Photo Credit: Israel Mizrahi

One of the greatest figures in Judaism, recognized as one of its most brilliant minds, was Rabbi Eliyahu ben Shlomo Zalman, the Vilna Gaon (1720-97). Despite his wide influence and acclaim, very little remained of his own writings. The myriad of publications that we have in the Vilna Gaon’s name today are nearly all written by disciples, or expounded from his very brief notes. It is said that after the age of 40, the Vilna Gaon nearly ceased from writing at all, so what we do have in existence was from his younger years. His disciple, the famed R. Chaim of Volozhin, wrote of the Gaon: “Even if we merit to have all his writings published, it would be just a fraction of a fraction of his knowledge, to the extent that his knowledge cannot even be measured – comparable to a drop of water in the great ocean, such is the comparison between his writings and his knowledge.”

What was published, though, was nearly all after his passing, and much of it is obscured in the murkiness of what was authentic, what less so, what was expounded from his teachings and what was a commentary by his disciples.


I acquired this week a first edition of one such work, one of the very first published, entitled Eliyah Rabbah, published in Brunn in 1802. This sefer was brought to the press and printed by Rabbi Meir of Shad, a disciple of the Gaon who studied Mishnah Tahorot, the subject of this publication, with the Gaon. The publisher writes how these are chiddushim published from his notes from the teachings of the Gaon when they were learning together. The publication came with several prominent endorsements, including approbations of R. Mordechai Banet of Nikolsburg, R. Shmuel Landau of Prague and R. Eliezer Fleckles. A personal letter in support of financially assisting R. Meir of Shad written by the Vilna Gaon appears in the beginning of the book, as well as a letter by the brother of the Vilna Gaon, Rabbi Yissachar Ber.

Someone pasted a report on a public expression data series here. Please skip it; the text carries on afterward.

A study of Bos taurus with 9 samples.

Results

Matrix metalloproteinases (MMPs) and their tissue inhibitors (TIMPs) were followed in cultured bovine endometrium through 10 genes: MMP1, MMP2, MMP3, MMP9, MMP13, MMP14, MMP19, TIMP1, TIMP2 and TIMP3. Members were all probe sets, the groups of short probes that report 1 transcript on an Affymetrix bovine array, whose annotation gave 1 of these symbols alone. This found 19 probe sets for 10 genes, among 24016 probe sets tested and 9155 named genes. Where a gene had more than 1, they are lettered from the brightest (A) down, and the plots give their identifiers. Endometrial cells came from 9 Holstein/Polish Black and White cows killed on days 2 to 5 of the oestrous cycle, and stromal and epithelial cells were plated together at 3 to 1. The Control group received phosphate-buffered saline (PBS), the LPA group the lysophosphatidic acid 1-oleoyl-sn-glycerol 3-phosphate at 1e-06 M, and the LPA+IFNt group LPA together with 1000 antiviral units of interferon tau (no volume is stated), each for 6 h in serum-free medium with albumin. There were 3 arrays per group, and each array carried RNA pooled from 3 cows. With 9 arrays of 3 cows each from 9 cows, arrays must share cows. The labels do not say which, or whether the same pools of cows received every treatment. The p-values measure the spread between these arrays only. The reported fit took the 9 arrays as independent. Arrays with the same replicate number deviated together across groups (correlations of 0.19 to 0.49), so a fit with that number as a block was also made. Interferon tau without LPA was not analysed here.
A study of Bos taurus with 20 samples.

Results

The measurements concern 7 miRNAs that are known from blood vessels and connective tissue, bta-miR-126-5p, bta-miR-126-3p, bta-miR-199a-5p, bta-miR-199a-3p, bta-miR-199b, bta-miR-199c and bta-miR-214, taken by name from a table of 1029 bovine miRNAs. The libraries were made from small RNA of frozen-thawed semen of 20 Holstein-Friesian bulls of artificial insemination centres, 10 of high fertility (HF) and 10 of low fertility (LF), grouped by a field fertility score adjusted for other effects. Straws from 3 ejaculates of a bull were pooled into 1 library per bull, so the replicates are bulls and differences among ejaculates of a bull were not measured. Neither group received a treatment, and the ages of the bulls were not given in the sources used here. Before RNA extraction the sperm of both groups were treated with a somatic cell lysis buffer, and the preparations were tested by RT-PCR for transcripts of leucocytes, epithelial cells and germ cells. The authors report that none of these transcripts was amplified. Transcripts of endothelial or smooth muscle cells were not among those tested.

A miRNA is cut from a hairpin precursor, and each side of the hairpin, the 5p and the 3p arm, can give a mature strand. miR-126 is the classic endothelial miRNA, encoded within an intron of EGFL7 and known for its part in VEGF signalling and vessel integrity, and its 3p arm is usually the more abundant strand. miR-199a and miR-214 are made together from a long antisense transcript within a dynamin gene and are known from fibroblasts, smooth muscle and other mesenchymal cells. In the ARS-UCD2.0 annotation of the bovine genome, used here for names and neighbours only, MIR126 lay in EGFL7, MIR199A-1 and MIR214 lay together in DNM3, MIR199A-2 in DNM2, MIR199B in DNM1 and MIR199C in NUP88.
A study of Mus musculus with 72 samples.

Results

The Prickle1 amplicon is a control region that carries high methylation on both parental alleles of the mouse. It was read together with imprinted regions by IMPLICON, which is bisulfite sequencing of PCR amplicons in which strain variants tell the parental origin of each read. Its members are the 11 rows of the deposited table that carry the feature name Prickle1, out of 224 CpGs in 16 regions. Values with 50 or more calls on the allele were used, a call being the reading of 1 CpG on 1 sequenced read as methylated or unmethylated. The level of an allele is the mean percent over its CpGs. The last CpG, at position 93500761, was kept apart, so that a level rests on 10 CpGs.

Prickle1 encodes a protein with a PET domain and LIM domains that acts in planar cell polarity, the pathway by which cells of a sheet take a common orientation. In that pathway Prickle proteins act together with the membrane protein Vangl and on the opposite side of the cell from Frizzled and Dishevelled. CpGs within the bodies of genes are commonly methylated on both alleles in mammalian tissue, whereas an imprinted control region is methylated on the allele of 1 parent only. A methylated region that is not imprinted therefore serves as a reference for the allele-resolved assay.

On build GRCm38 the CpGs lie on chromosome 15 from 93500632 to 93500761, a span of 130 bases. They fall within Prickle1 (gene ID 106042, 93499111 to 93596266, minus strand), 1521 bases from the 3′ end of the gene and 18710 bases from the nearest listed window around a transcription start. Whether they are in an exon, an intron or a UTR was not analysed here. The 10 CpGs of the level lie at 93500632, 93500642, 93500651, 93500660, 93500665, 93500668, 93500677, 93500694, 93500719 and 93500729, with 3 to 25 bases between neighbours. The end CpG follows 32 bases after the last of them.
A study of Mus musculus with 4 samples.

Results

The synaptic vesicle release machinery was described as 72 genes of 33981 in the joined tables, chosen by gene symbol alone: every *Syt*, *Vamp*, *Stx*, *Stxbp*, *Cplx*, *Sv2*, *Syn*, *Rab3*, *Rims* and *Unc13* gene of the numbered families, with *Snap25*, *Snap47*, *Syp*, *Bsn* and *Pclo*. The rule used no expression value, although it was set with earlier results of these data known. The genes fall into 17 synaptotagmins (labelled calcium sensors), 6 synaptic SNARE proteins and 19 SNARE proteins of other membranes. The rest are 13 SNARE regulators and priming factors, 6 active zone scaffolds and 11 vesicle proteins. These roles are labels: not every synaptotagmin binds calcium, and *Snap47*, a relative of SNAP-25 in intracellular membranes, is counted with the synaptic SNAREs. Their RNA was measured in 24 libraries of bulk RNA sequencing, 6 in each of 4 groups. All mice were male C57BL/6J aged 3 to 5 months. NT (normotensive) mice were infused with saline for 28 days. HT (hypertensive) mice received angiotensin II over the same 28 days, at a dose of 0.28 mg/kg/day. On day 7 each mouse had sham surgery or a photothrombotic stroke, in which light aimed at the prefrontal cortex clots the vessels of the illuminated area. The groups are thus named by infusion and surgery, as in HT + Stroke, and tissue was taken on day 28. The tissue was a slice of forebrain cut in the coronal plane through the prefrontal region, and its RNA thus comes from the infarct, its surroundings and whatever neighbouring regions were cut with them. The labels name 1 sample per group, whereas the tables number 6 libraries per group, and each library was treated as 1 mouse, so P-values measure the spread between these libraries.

Almost immediately after the publication, dispute arose between two camps, those that believed that this was a collection of authentic thoughts written by the disciple of the Gaon, and those that claim that this was a plagiarized work, copied from the commentary on Seder Taharot written by Rabbi Menachem Mendel of Shklov, disciple of the Gaon of Vilna.

The detractors claimed that R. Meir borrowed the manuscript from R. Menachem Mendel of Shklov and hurriedly transcribed it, thus resulting in numerous errors. Others, including Rabbi N. N. Rabinowitz, the author of Dikdukei Soferim, defended this publication, and wrote that it was indeed published by R. Meir, and edited by R. Yaakov Kahana, disciple of the Gaon of Vilna and son-in-law of the brother of the Gaon of Vilna, the above-mentioned R. Yissachar Ber, based on brief notes which R. Meir of Shad wrote while he studied with the Gaon of Vilna.